How technology bolsters patient care

An ever-faster development cycle in the technology space is transforming every aspect of our lives. The healthcare sector is no exception. Mobile innovations now make it possible for patients to monitor their own vital signs and information like blood sugar levels, access personal medical information from anywhere and participate more fully in their own care with apps and even games designed to promote health. Now, some doctors, hospitals, specialists and other providers are looking for new ways to use the tablets and phones most of us already have to improve healthcare on a person by person basis.

Many researchers working at the intersection of healthcare and technology are looking at games. A growing body of studies has shown that playing action games can improve a person’s ability to learn and even help peoplegain new gray matter (the part of the brain responsibility for data retention). Gaming has also been shown to promote functioning in the areas of the brain responsible for spatial navigation, motor skills and planning in study participants of all ages.

Findings like those are driving the development of mobile games created with the express purpose of helping people with unique medical needs. Children’s National Health System in the District of Columbia actually piloted a programthat used a specially designed game to help children with sickle cell disease track and combat the memory loss associated with the disease. The Hospital for Sick Children in Toronto created the Pain Squad app as a way to help make the pain tracking that kids battling cancer have to do a little easier and a little more fun.

The hope is that games and other technology will empower patients to be more engaged in their own care. Today there are apps designed to facilitate patient recovery, track blood sugar using up-to-date tech like the Apple Watch, help people remember to take their medications, and make healthier lifestyle choices. Healthcare professionals are notably on board and there are technology-in-healthcare initiatives happening around the globe.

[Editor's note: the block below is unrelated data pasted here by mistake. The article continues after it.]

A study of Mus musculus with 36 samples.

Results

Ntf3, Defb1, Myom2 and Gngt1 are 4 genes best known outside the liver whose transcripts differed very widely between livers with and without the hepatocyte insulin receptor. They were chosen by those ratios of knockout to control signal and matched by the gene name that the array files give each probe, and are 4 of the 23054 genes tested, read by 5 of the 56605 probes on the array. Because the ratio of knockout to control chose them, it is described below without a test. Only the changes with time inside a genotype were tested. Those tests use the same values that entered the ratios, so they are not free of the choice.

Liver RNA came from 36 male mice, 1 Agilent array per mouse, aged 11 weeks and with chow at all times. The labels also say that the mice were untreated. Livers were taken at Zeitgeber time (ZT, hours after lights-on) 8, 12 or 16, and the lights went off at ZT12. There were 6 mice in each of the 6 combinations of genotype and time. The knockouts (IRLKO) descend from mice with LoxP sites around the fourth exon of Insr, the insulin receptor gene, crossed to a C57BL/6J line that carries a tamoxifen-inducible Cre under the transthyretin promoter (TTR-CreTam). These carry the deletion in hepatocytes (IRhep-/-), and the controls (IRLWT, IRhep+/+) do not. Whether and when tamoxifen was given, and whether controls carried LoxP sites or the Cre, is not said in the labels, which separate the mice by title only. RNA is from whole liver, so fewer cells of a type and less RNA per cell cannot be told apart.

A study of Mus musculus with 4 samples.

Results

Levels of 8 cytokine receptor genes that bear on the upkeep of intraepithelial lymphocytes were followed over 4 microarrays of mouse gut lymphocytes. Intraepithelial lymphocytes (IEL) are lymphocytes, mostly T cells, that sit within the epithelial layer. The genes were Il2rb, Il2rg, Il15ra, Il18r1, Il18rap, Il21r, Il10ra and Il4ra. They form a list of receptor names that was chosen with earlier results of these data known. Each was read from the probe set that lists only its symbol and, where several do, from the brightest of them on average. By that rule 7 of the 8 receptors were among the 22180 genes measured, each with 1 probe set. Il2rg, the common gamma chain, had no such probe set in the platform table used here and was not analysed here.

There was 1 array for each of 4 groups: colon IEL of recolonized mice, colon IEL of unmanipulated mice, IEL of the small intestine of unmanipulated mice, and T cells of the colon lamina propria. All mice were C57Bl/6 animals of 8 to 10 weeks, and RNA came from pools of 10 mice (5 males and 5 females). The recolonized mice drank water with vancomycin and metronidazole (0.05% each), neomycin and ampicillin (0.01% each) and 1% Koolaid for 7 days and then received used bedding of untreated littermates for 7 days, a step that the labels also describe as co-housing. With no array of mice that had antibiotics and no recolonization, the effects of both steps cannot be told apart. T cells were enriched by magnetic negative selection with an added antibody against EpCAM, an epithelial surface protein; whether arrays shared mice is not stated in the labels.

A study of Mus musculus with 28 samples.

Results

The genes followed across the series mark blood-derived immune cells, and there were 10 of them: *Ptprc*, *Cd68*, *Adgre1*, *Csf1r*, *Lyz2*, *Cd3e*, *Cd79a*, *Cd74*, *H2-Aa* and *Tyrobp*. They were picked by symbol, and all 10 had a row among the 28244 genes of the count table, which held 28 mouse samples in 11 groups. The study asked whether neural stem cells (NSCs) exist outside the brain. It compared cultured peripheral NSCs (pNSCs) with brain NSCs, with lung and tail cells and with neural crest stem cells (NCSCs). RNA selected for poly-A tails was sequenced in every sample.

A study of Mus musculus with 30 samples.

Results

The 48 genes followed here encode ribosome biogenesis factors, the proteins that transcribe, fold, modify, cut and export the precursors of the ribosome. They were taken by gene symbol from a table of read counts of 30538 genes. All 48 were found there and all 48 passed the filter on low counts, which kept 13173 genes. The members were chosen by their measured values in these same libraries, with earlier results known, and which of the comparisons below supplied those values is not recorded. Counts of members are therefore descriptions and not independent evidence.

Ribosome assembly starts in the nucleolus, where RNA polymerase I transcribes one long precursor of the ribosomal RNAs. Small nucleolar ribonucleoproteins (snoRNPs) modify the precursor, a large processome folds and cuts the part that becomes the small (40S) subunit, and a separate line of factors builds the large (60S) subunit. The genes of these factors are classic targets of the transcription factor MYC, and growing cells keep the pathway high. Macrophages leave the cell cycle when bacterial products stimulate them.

For example, IBM, Apple and Japan Post recently partnered on a groundbreaking initiative to put millions of iPads into the hands of senior citizens. The goal is to not only improve the health of recipients but also their quality of life. Pre-installed apps on the tablets will remind patients to take their medications and give them a way to keep in touch with loved ones and the outside world in cases where physical health issues have left seniors housebound. The key is training – many patients (elderly or not) need to be shown what phones and tablets can do beyond email and Facebook.

Why is technology’s usefulness in the healthcare sphere only just now making headlines? The disparity between existence and interest likely has to do with the availability of personal tech. Mobile gadgets with advanced mobile technology designed by companies like Snapdragon are now more common than ever, so doctors and other care providers have more opportunities to introduce their patients to the kinds of apps and games that will be beneficial to them. In the past it would have been much less likely that a practice’s patients would have all had access to similar levels of technology at home.

Whether widespread adoption of healthcare innovations for mobile is in our future will probably depend on the long term outcomes of pilot programs like Children’s National Health System’s memory game and the results gathered over time from consumer apps designed to promote weight loss and general health. Early studies show the potential for games and apps to affect behavioral change but more in-depth research may come to different conclusions depending on how much time practitioners put into training their patients to use technology effectively.

This article is published in collaboration with Health Works Collective. Publication does not imply endorsement of views by the World Economic Forum.


Image: A researcher uses a microscope. REUTERS/Regis Duvignau.